Spring wheat

After weeks of lingering without much movement at all, spring wheat prices started to see some improvement in mid-September.

“We have been seeing upward price movement the last couple weeks,” said Erica Olson, marketing specialist for the North Dakota Wheat Commission. “December futures have gone up about 20 cents, so today (Sept. 17), the Minneapolis futures are trading around $5.10. That gets most of the cash bids above $4 with most in the range of $4-$4.50, however some are hovering in the high $3 range still. Obviously, we’d like to see them higher than that, but at least we’re making a little positive progress.”

The big issue right now, according to Olson, is the spring wheat harvest progress and corresponding quality. Producers made fairly minimal progress the second week of September due to rain. According to USDA’s crop progress report on Sept. 17, the U.S. crop was about 76 percent harvested. North Dakota’s harvest was at 73 percent complete, but in Montana harvest was even lower. Normal harvest progress for this time of year is 90-95 percent complete.

Obviously, harvest progress is behind, and compared to the previous week, producers only made 5 percent gains.

“The slow harvest pace is a concern, and so is quality on the remaining crop,” Olson said. “The earlier harvested crop reports indicated mostly good yields, good protein, good test weights and good overall quality, but from the start there have been some issues with lower falling numbers. But that’s very regionalized, so some areas are having no problems and then in some areas it’s a major concern. We’re also seeing some color loss in the crop as well.”

Scientists are currently working on analyzing the spring wheat crop at the North Dakota State University spring wheat quality lab. Thus far, protein levels are good, averaging about 14.6 percent. Test weight is over 60 pounds, but the vitreous kernel content is lower this year at 66 percent, combined with the lower falling numbers in areas.

“Some of that lower quality wheat is going into feed channels, so some of that is not usable,” she said. “I think the big question is: how much of the crop has been affected?

“As we get further through harvest, if we do continue to see quality issues, eventually I guess that could help pull up prices, especially for higher quality wheat,” she added.

Olson noted that in Canada producers are facing the same situation. Harvest is behind average and they’ve also been getting a lot of precipitation. There have been reports there of sprout damage as well and color loss, so there are quality concerns in Canada as well.

“It’s going to take the market a while to asses that whole scenario. But one thing that I think is going to limit the price upside potential is the fact that we have large supplies of last year’s crop still on hand,” she said. “In the U.S., almost half of the 2018 spring wheat crop is still on hand and it’s mostly of great quality.”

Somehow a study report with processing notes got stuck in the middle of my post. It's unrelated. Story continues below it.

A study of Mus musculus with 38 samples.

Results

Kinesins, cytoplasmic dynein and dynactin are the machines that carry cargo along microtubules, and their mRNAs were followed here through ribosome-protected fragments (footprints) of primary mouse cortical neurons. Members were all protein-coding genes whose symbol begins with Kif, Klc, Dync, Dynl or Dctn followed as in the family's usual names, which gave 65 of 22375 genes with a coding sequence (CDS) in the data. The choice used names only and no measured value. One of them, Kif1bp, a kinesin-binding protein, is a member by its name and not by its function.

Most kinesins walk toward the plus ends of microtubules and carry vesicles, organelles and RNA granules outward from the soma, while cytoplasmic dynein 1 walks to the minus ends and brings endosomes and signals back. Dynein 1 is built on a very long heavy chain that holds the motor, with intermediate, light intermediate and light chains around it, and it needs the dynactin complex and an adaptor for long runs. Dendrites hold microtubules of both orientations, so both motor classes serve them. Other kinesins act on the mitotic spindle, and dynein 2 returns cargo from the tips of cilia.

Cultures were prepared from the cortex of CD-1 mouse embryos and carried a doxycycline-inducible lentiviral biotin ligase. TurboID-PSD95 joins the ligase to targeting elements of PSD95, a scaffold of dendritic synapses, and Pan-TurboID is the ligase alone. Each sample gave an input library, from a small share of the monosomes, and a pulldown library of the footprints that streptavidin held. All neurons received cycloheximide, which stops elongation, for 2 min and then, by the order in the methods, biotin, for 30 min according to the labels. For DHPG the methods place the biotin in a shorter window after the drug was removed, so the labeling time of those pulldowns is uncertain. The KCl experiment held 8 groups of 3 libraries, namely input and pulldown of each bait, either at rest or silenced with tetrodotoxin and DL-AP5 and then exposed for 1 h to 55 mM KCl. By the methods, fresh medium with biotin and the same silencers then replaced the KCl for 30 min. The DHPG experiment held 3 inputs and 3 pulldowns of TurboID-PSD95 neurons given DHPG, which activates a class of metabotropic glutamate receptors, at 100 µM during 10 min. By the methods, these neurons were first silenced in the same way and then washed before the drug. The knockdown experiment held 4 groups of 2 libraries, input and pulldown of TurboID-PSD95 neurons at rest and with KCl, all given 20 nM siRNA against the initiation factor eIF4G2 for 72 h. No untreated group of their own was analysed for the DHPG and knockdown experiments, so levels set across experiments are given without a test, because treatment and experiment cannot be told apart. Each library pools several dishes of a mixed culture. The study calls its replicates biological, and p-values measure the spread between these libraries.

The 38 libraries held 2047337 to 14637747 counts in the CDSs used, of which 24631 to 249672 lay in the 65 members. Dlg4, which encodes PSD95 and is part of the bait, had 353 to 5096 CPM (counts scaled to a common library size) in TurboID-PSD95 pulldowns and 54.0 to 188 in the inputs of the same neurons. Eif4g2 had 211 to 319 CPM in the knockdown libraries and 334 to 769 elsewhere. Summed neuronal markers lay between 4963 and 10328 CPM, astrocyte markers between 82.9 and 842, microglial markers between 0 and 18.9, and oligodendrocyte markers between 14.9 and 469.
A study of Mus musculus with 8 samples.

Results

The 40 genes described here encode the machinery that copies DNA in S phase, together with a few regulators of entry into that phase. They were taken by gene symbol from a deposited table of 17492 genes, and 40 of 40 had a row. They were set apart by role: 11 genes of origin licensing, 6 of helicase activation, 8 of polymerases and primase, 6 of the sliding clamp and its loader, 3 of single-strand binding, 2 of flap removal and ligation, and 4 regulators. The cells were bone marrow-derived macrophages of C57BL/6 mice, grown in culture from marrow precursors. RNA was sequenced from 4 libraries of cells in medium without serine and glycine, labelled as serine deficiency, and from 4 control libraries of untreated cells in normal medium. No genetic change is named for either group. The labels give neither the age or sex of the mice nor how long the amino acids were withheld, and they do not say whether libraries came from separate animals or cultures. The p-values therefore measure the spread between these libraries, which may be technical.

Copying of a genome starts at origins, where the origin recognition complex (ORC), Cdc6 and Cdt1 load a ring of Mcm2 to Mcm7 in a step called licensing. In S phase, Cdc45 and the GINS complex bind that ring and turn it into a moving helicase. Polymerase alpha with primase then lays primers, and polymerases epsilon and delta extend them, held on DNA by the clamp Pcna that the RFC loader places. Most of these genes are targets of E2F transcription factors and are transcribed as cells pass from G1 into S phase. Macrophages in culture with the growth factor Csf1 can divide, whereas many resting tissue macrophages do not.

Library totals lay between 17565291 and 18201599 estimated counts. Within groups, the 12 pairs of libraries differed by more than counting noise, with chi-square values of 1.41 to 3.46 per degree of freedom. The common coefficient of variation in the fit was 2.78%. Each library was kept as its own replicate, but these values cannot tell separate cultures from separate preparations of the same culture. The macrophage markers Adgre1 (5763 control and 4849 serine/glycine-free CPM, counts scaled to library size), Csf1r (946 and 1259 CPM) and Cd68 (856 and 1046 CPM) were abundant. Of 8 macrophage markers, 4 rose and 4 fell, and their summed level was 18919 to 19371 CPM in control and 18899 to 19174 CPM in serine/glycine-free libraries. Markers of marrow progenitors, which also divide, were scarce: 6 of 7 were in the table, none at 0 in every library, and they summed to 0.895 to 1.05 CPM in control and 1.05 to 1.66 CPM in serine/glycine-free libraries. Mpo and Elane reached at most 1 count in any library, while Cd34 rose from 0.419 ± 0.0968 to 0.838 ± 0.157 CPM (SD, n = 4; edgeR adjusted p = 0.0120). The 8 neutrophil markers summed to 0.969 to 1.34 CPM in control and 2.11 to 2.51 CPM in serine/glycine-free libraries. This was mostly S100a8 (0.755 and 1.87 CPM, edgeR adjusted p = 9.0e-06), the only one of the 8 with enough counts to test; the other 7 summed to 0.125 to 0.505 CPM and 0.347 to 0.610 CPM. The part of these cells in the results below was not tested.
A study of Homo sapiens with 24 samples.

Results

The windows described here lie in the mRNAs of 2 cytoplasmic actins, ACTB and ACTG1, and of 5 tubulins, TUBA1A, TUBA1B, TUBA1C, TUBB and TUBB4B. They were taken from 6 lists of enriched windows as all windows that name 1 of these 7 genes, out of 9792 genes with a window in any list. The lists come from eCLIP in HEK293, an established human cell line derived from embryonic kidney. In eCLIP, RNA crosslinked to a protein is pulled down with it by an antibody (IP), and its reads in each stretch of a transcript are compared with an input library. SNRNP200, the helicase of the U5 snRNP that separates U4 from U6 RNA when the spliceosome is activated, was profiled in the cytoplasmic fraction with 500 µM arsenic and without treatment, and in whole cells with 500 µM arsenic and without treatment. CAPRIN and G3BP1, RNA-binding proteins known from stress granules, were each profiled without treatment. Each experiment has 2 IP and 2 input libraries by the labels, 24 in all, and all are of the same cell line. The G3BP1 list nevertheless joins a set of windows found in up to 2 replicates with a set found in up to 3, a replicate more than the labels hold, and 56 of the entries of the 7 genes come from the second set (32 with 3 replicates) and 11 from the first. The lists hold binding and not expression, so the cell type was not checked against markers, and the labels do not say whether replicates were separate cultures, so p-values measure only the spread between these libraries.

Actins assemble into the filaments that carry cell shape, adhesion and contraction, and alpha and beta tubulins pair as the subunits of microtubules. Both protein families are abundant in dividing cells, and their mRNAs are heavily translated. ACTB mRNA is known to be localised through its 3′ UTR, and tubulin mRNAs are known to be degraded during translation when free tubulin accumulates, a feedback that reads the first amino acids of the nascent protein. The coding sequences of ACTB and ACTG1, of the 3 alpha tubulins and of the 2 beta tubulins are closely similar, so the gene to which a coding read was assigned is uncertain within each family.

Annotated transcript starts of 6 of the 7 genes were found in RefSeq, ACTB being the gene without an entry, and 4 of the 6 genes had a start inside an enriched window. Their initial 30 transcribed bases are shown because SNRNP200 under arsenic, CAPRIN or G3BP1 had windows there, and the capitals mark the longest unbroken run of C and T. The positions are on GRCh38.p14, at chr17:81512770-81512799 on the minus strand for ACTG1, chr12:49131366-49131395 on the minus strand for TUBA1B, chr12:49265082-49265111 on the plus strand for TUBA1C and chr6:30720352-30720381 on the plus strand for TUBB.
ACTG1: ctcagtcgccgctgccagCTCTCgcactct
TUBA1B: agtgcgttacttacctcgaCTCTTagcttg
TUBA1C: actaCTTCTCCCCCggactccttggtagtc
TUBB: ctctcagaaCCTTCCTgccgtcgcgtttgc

On Sept. 12, USDA released its September WASDE report (World Agricultural Supply and Demand Estimate), which had very few changes to wheat. In fact, to the all wheat numbers there were no changes.

“This was seen as somewhat positive because, finally, there’s one month we didn’t see an increase in stocks,” she said.

Within classes, USDA did make some adjustments, specifically to the export numbers. Hard red spring wheat exports were raised 5 million bushels, putting the new estimate at 265 million. Also, ending stocks were reduced by 5 million. However, U.S. stocks are still at a fairly high level historically speaking of 317 million bushels.

On the world side of things, USDA did make some changes. In Australia, which has been dealing with continuous drought for the last two years, production was lowered again by 70 million bushels, down to 700 million. Australia’s export projections were also lowered by 70 million bushels.

The production estimate in Ukraine and Kazakhstan was also lowered by a combined 72 million bushels.

“There are definitely some areas of concern still out there, specifically Australia. They’re just not a lot of exportable supplies this year,” Olson said.

Looking at the U.S. export situation, Olson noted there has been strong demand for U.S. wheat. U.S. spring wheat sales year on year are up 14 percent. Current sales total 123 million bushels. That compares to 108 million last year. Specifically, the U.S. is seeing strong demand from Asia and Central America.

The most recent larger spring wheat sales have been to the Philippines, Korea, Japan, Vietnam and Indonesia. The U.S. has also seen a pretty big year on year increase to Mexico.

Total U.S. sales of all wheat classes combined are also doing well and are up 23 percent on the year.

“For right now, the big thing to watch is the remainder of the harvest progress and to figure out what the final quality is going to show,” Olson concluded.